Libyans are being warned to guard against looting of their cultural heritage amid the country’s turmoil.
The director of the UN cultural agency is also cautioning the international art and antiquities trade to be “particularly wary of objects from Libya in the present circumstances” because they might be stolen.
UNESCO Director-General Irina Bokova said in a statement that she contacted authorities in Libya and neighbouring countries to urge them “to protect Libya’s invaluable cultural heritage.”
She warned that past conflicts have led to looting and damage to artefacts and archaeological treasures.
With thanks to Larry Rothfield's blog for highlighting the relevant paragraph.
The opposition National Transitional Council (NTC) said on Tuesday that guards from a specially trained Tripoli brigade, made up of fighters from the capital, were being stationed at the national museum as well as other key cultural sites.
Parts of Libya's cultural heritage have been threatened before: in the 1950s, two British soldiers stationed in the country when it was a British protectorate took a selection of ancient relics back to the UK. The items, some of which were up to 2,500 years old, included the bronze prow of a Greek ship found during a diving excursion off the coast of Benghazi. They were returned last year as part of an ongoing Libyan effort to secure the return of its treasures, many of which were removed during the colonial era.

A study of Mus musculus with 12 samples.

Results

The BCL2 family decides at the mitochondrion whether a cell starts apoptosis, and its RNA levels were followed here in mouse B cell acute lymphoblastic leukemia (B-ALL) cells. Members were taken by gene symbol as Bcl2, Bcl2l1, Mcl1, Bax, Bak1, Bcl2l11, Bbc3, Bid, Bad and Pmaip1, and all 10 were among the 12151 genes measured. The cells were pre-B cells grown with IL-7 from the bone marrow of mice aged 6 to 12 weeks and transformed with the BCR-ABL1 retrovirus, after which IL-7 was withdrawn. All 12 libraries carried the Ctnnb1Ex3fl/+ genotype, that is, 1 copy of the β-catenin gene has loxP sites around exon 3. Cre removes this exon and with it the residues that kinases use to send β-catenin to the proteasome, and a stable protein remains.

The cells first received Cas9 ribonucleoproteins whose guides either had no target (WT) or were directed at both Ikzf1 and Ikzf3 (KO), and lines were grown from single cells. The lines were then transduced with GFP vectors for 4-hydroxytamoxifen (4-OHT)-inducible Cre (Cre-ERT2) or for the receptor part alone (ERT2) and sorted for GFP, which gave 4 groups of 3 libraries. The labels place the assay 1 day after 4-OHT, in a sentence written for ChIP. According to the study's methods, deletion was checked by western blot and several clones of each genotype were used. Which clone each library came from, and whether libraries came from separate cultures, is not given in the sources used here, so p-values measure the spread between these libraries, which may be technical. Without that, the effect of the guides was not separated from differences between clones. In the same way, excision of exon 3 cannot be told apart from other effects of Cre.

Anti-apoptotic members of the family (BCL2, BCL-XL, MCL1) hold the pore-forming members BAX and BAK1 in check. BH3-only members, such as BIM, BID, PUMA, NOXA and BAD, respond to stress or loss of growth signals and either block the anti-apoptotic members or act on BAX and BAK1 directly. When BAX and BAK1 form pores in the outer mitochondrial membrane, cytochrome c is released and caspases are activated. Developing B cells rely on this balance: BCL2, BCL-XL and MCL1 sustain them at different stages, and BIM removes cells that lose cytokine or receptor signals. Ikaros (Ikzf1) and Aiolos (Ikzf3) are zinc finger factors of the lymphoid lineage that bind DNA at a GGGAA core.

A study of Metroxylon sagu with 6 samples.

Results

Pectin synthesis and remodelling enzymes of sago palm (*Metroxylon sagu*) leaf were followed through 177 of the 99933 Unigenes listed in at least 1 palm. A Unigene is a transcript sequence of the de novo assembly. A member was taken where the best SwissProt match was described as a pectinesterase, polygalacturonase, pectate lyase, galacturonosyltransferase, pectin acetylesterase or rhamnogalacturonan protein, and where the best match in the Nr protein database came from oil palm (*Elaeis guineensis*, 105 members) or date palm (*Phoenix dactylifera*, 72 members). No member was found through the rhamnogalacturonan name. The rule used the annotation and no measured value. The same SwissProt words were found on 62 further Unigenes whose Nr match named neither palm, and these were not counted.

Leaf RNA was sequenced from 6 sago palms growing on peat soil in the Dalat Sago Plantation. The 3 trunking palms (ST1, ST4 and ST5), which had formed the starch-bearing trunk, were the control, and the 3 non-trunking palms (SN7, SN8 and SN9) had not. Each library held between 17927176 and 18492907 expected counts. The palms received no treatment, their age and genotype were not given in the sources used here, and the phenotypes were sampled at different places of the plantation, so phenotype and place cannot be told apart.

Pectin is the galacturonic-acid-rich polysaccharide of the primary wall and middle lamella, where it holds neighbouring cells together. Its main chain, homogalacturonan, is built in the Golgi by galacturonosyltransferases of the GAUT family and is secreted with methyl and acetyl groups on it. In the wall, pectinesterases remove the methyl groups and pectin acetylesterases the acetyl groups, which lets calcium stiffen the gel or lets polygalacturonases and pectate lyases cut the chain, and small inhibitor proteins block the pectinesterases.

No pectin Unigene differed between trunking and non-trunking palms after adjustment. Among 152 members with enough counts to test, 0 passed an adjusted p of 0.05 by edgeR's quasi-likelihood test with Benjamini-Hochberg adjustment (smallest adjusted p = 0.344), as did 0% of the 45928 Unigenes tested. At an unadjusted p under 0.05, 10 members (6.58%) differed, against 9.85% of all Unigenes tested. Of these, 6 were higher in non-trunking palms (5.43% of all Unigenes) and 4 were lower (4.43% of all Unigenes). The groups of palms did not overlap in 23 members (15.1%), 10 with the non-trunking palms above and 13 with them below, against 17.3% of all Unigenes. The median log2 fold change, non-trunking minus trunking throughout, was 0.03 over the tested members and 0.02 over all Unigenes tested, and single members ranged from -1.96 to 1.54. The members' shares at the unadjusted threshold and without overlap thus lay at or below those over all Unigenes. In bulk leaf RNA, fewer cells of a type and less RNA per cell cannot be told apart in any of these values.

The problem persists to the present day. Libya's wealth of important historic sites has long been one of its key appeals to tourists, but museum officials say that government underfunding has meant their relics have lacked adequate security.
In 2006, the BBC reported that Tripoli Museum had no security cameras: as a result, at least 90 important pieces had been stolen since 1988 – a figure probably far higher in reality.
Archaeological dig sites were also said to be at risk because of underpaid and untrained guards. The government, for its part, blamed failures on the museums.
Libya is by no means alone in the problems it faces in securing its heritage in the aftermath of conflict. Egyptian treasures were looted during the widespread unrest before and after President Mubarak was forced from power.